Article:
A polymer made up of amino acids joined by peptide bonds. The amino acids present and the order in which they occur vary from one protein to another.


A list of often difficult or specialised words with their definitions.


Dark brown or black pigment found in the skin, hair and irises of the eyes. The skin produces more melanin when exposed to the sun.


Molecules which contain a lot of stored energy built up of fatty acids and glycerol. Lipids include oils and fats


A person with little or no pigment in the eyes, skin and hair. They have inherited an altered copy of a gene that does not work properly and so the body does not make the usual amounts of melanin.


The basic unit from which all living organisms are built up, consisting of a cell membrane surrounding cytoplasm and a nucleus.


Charge particles formed when an atom loses or gains electrons during the formation of ionic bonds


Deoxyribonucleic acid. This is the molecule which contains the genetic code. It coils up tightly inside chromosomes. DNA is a double helix made from two strands which are joined together by pairs of bases.

Adenosine triphosphate

Molecule which acts as the common energy currency in all cells, providing the energy needed to drive chemical reactions in cells.

The importance of chemistry in biology

Why does your skin wrinkle as you get older? If you have osteogenesis imperfecta, why do your bones break so easily? Why do albino rabbits have pink eyes? The answer to all of these questions, at the most basic level, is chemistry!

Biology is the study of living things. The key to understanding biology is to understand the fundamental chemistry which underpins all life.

In young skin collagen molecules form elastic triple helices which stretch as the skin moves. With age, the molecular structure changes to become more rigid, brittle and more likely to tear. When collagen combines with bone it gives it tensile strength, like reinforced concrete. In osteogenesis imperfecta, the collagen and bone don’t combine so the bone is brittle and breaks easily. And an albino rabbit lacks one single molecule called melanin.

The chemistry of life begins with the basic principles of bond formation and bond breaking, and the nature of the different compounds formed. Life revolves around the balancing act between the energy released as bonds are broken and the energy taken in as bonds are formed.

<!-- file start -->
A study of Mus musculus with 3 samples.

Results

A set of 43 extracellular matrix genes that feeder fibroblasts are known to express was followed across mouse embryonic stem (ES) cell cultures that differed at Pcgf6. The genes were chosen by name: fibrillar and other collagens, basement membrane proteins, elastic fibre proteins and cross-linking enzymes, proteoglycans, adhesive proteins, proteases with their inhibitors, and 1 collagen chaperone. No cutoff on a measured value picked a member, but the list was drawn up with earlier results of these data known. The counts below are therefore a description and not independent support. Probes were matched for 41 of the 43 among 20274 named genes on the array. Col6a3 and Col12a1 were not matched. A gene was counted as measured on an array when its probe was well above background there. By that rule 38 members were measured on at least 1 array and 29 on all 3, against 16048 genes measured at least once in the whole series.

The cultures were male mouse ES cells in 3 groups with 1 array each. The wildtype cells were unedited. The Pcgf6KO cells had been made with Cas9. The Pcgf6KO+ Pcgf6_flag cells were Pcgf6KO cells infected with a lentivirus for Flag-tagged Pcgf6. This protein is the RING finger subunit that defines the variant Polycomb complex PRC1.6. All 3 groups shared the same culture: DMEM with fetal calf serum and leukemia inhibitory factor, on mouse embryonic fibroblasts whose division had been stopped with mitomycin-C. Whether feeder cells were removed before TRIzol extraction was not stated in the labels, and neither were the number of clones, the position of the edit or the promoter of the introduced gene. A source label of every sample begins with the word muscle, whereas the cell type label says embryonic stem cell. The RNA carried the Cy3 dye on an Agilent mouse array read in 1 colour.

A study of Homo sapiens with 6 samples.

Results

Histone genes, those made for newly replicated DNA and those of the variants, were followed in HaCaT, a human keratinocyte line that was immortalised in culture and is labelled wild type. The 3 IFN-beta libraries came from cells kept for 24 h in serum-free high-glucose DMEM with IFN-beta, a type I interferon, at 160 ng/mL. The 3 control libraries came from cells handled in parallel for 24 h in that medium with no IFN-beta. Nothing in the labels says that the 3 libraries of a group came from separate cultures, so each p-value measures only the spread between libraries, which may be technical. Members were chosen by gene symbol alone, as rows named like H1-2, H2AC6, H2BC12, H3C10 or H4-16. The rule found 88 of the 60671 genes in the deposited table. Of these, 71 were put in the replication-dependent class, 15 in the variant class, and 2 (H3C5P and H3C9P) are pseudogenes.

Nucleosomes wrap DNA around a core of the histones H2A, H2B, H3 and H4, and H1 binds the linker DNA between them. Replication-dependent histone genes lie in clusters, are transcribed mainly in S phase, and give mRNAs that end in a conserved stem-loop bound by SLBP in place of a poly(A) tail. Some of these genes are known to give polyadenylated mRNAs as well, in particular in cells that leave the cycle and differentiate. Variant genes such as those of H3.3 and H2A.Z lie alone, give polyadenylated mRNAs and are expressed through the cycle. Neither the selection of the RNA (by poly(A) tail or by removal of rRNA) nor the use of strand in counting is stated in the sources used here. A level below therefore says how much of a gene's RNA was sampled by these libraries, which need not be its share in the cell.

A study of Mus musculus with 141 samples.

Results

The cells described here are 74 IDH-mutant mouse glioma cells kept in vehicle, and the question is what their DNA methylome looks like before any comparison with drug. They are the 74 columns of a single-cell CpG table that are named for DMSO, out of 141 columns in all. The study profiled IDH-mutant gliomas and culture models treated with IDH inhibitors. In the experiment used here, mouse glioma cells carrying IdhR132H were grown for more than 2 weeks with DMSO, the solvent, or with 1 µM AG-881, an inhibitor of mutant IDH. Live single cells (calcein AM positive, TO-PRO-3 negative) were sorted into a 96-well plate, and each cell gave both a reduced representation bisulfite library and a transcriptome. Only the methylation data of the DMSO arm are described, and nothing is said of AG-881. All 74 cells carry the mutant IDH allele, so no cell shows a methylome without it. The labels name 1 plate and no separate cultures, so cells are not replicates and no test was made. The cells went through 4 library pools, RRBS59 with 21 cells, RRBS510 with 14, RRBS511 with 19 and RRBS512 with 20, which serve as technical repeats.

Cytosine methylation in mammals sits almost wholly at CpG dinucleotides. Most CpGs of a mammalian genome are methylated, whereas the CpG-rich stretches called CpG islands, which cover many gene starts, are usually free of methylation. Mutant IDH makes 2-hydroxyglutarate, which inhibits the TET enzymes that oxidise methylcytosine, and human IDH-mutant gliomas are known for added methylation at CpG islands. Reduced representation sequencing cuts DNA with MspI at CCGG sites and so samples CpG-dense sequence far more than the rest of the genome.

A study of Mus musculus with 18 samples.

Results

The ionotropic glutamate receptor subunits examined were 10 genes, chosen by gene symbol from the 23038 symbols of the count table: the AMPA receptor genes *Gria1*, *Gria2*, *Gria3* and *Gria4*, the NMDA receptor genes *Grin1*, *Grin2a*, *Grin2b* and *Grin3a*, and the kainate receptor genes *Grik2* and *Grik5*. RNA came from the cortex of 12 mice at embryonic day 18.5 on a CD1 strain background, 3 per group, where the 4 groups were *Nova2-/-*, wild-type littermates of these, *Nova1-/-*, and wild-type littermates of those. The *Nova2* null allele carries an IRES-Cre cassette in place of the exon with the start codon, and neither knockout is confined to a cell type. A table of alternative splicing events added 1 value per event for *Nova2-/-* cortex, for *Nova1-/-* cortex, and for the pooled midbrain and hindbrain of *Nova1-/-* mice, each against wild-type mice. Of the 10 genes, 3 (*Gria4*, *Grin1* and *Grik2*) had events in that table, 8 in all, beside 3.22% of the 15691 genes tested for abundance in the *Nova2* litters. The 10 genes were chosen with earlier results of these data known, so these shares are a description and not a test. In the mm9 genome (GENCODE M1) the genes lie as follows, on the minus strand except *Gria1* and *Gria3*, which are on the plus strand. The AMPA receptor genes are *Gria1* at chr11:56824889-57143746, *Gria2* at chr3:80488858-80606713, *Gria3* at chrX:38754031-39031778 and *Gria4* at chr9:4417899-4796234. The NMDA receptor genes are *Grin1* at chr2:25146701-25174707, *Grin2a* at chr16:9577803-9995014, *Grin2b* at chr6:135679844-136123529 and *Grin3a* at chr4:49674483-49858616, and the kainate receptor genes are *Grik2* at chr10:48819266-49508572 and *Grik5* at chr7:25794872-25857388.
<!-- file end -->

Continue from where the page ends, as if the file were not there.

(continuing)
Life on earth depends on the nature of the carbon atom and the nature of water. Water is fundamental to life and understanding the properties of water helps to make sense of many other areas of biology.

Whilst many small molecules and ions play vital roles in cells and organisms, macromolecules are also key. An understanding of the chemistry of compounds including carbohydrates, proteins, lipids, ATP, DNA and RNA gives you the tools you need to make sense of everything from cell biology to ecology.

Mouse on some leaves

Each organism is a collection of carefully controlled chemical reactions

Photos by Anthony Short unless credited otherwise. Animations and diagrams by Edward Fullick throughout.

How to use this site

There are a number of interactive features in this e-source:

  • A glossary of terms: any word with a glossary entry is highlighted like this. Moving the mouse over the highlighted word will show a definition of that word.
  • Quick questions: at the end of most pages or sections there is a question or set of quick questions to test your understanding.
  • Animations: most of the animations can be expanded to full screen size, ideal for showing on an interactive whiteboard. The animations will play all the way through or can be viewed one section at a time.
  • Downloads: Teachers can download individual diagrams, animations and other content from the Download Library area of the website. Terms and Conditions apply.